Chinese Didi-Uber merger held up by lack of regulator approval: Report

The $35 billion acquisition between the two largest ride-hailing firms in China is unlikely to be a smooth ride as it could be difficult to get the nod from regulators, while also sparking monopoly concerns.
Written by Cyrus Lee, Contributor

Monday's merger announcement between Didi Chuxing and Uber China remains far from concluded, with a top Chinese regulator indicating that there is a lack of approval to allow the deal to go ahead.

On Tuesday, a day after the announcement, a spokesman of China's Ministry of Commerce said it had not received any necessary merger filing related to the deal. Any case falling under anti-trust and merger rules must be submitted to the ministry in advance, or it won't be able to carry out a merger, added the spokesman, according to a Sina news report.

Industry insiders believe the response shows that the ministry is likely to take a tough stance on the deal, according to the report.

Responding to Ministry of Commerce's statement, Didi argued that the deal needs no approval from authorities regarding financial metrics of the transaction not meeting filing requirements, as both Didi and Uber China are yet to make profits, and Uber China's net income in 2015 fell below the 400 million yuan ($60 million) requirement to trigger an anti-trust scrutiny.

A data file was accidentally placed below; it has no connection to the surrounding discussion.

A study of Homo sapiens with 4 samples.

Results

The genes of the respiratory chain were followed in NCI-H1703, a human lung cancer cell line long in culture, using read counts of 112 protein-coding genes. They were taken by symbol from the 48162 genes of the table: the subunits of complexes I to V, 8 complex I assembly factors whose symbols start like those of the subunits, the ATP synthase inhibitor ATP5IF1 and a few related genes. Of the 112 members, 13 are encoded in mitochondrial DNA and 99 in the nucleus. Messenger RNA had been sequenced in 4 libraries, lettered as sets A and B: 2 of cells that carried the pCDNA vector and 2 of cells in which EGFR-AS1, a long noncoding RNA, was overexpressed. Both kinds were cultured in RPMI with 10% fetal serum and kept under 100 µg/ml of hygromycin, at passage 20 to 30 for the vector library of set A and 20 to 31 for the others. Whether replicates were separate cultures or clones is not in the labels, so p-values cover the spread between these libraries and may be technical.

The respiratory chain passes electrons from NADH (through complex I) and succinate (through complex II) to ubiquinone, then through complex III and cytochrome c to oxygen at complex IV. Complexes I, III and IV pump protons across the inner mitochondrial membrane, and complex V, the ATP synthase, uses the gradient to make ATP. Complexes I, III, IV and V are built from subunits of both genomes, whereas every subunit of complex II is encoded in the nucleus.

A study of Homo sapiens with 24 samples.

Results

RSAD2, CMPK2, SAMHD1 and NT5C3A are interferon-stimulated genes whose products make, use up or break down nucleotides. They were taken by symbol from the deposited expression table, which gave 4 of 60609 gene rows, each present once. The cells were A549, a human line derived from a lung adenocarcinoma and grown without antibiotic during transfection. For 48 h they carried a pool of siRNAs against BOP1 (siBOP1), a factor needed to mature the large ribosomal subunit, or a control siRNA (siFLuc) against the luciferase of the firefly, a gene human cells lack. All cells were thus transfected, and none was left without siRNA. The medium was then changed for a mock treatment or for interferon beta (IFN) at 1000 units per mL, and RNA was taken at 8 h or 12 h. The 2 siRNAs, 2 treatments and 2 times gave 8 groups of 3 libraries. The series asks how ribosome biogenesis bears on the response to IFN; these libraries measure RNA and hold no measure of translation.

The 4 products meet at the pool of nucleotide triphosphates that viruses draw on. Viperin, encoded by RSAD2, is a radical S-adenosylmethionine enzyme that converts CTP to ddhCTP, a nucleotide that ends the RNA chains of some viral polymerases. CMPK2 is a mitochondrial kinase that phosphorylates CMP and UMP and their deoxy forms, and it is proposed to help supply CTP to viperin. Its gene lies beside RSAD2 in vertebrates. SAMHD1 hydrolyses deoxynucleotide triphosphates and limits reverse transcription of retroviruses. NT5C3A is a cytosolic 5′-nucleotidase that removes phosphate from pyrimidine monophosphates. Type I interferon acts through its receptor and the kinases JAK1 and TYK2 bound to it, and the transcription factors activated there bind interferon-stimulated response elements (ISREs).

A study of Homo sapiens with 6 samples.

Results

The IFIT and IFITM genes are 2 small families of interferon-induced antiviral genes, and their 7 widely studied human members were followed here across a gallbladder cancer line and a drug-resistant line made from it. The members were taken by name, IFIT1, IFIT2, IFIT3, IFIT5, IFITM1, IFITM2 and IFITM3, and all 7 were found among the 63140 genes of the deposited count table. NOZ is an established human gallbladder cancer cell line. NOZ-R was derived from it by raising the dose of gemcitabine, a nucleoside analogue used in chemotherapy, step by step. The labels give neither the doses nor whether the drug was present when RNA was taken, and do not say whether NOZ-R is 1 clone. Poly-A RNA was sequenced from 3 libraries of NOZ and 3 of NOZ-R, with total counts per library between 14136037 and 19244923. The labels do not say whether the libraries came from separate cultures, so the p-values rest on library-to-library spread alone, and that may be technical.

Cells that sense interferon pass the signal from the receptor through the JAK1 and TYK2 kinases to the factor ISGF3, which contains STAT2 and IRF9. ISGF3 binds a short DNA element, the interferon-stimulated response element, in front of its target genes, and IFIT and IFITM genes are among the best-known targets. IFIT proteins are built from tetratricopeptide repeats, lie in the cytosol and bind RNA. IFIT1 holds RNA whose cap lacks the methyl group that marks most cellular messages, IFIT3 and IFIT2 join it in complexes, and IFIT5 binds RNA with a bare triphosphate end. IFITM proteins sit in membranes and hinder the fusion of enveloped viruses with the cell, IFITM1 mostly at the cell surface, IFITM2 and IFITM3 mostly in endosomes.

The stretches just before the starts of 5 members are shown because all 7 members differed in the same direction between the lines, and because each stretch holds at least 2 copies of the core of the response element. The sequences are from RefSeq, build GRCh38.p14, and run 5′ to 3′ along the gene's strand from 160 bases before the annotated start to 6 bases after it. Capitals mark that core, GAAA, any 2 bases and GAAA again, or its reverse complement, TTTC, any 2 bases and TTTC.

"A monopolist in loss is still a monopolist," said legal professor Deng Feng of Peking University, in the Sina news report, who added that all kinds of monopolies will trigger anti-trust scrutiny no matter whether the transactors are profitable or not.

As of the end of 2015, Didi claimed that its market share in China exceeded 80 percent while Uber put it between 30 to 35 percent.

A financing plan released by Didi in May revealed transaction values on Didi's ride-hailing platform reached 34.7 billion ($5.2 billion) in 2015. Although Uber China's income last year was unknown to the public, Deng and other experts estimate its income has also exceeded the 400 million yuan trigger requirement if taking into consideration market shares of the two firms, according to the Sina report.

Even if Uber China's income failed to trigger the anti-trust scrutiny, the Ministry of Commerce is also obligated to investigate into businesses that may eliminate or restrict competition, and the ministry's scrutiny in Didi-Uber China's acquisition is almost "without any doubt", said the report.